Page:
Where do You Stand on Protecting Parent-Child Bonds

Where do you stand on  Protecting Parent-Child Bonds is a question we should be asking to every politician, judge, and family law attorney. It is imperative that we begin setting the expectation in our society that children need to be protected and that children are best protected when the rights of fit parents are protected. No judge and no government agency anywhere on this earth is better situated to protect and nurture a child than that child’s own fit parents.

Too many judges and government agencies are claiming that they know best and that their views should overrule the views of fit parents. What is clear is that the judges are at the heart of a 50 Billion Dollar industry that is driven by these judges taking children from one fit parent and giving them to the other fit parent. This industry thrives despite the opinion of the US Supreme Court that fit parents have fundamental constitutional rights to the care, custody, control, and companionship of their children.

We as a society need to state in a clear and resounding voice that Parent-Child Bonds are essential to our society and MUST be highly protected from government interference. Protecting Parent-Child Bonds: The 28th Amendment is a book and proposed constitutional amendment designed to express this idea in the most profound way available to us as a society, by permanently writing it into our Constitution.

The following is the text of the proposed Amendment.

1.     The most basic form of a protected private family unit is an individual parent and their minor child. The state may neither sever nor cross the boundaries of this family unit, except upon unfitness of the parent. Parent and child share a right to free and equal association with each other.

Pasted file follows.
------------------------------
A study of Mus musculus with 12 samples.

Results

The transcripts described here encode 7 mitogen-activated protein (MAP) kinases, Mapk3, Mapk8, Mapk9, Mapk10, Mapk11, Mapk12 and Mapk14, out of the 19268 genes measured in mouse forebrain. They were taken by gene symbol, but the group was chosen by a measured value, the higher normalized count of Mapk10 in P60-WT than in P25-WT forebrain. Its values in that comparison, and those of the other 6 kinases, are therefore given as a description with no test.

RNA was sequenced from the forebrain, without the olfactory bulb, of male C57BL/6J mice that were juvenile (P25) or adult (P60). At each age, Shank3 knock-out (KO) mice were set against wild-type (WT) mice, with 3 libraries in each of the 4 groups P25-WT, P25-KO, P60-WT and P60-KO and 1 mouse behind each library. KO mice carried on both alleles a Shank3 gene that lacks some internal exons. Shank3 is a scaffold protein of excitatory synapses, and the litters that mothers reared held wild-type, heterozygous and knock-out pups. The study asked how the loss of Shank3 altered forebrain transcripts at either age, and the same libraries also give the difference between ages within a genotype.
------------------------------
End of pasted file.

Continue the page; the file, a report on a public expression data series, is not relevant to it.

2.     A parent is assumed to be fit until the state proves that either (a) the parent has exposed the minor child to clear and present danger as a result of the parent’s decisions (b) the parent is incapable of meeting the minimum basic needs of the child for a significantly prolonged period (c) the parent is unwilling to meet the minimum basic needs of the minor child (d) a parent knowingly and intelligently waives their parental rights.

(1) Fit parents are entrusted by nature or the State with determining the best interests of their minor child and must be assumed to be acting in their child’s best interests unless proven unfit

(2) Each fit parent has the equal right and duty to direct and control their minor child’s education, to include educating the minor child through personal example, which arises through routine parenting of the child. The child has a right to receive education from each parent equally. These rights are among the penumbra of individual First Amendment rights.

(3) Fit parents hold equal rights and duties in the care, custody, control, and physical possession of the minor child. Any conflict between these rights must be resolved in as equal a manner as possible.

(4) Fit parents may entrust certain of these rights to others as they see fit without forfeiting their rights.

3.     The rights of natural (biological) parents are neither established nor granted by the State but are self-evident rights that shall be protected by the State and by this Amendment. The State may create legal parents where that creation does not unduly burden the rights of natural parents without their consent to the burden. Once established, except where specifically limited, legal parents are granted protection under this Amendment.

4.     Minor children have the right to be in the care, custody, control, and possession of their fit parents equally, and where no fit parents exist, to be in the care, custody, control, and possession of the State. All other rights with which the minor child is endowed but is incapable of exercising are to be held in trust by fit parents in the first instance and by the State only where no fit parent exists.

5.     Nothing in this Amendment shall be construed as limiting the State from setting minimum, equally applicable, standards or regulation concerning the general health, safety, and welfare of its citizens. When rights between parents are in conflict and the State is asked to intervene, that intervention shall be the least detrimental to these rights. Where a valid question of harm to the child exists, the State may act to protect the child for the briefest time necessary to protect the child from that immediate harm.

If this amendment is of interest to you and you would like to learn more about how the amendment is intended to protect parent-child bonds and how you can advocate for Protecting Parent-Child Bonds you can get a copy of the book Click Here.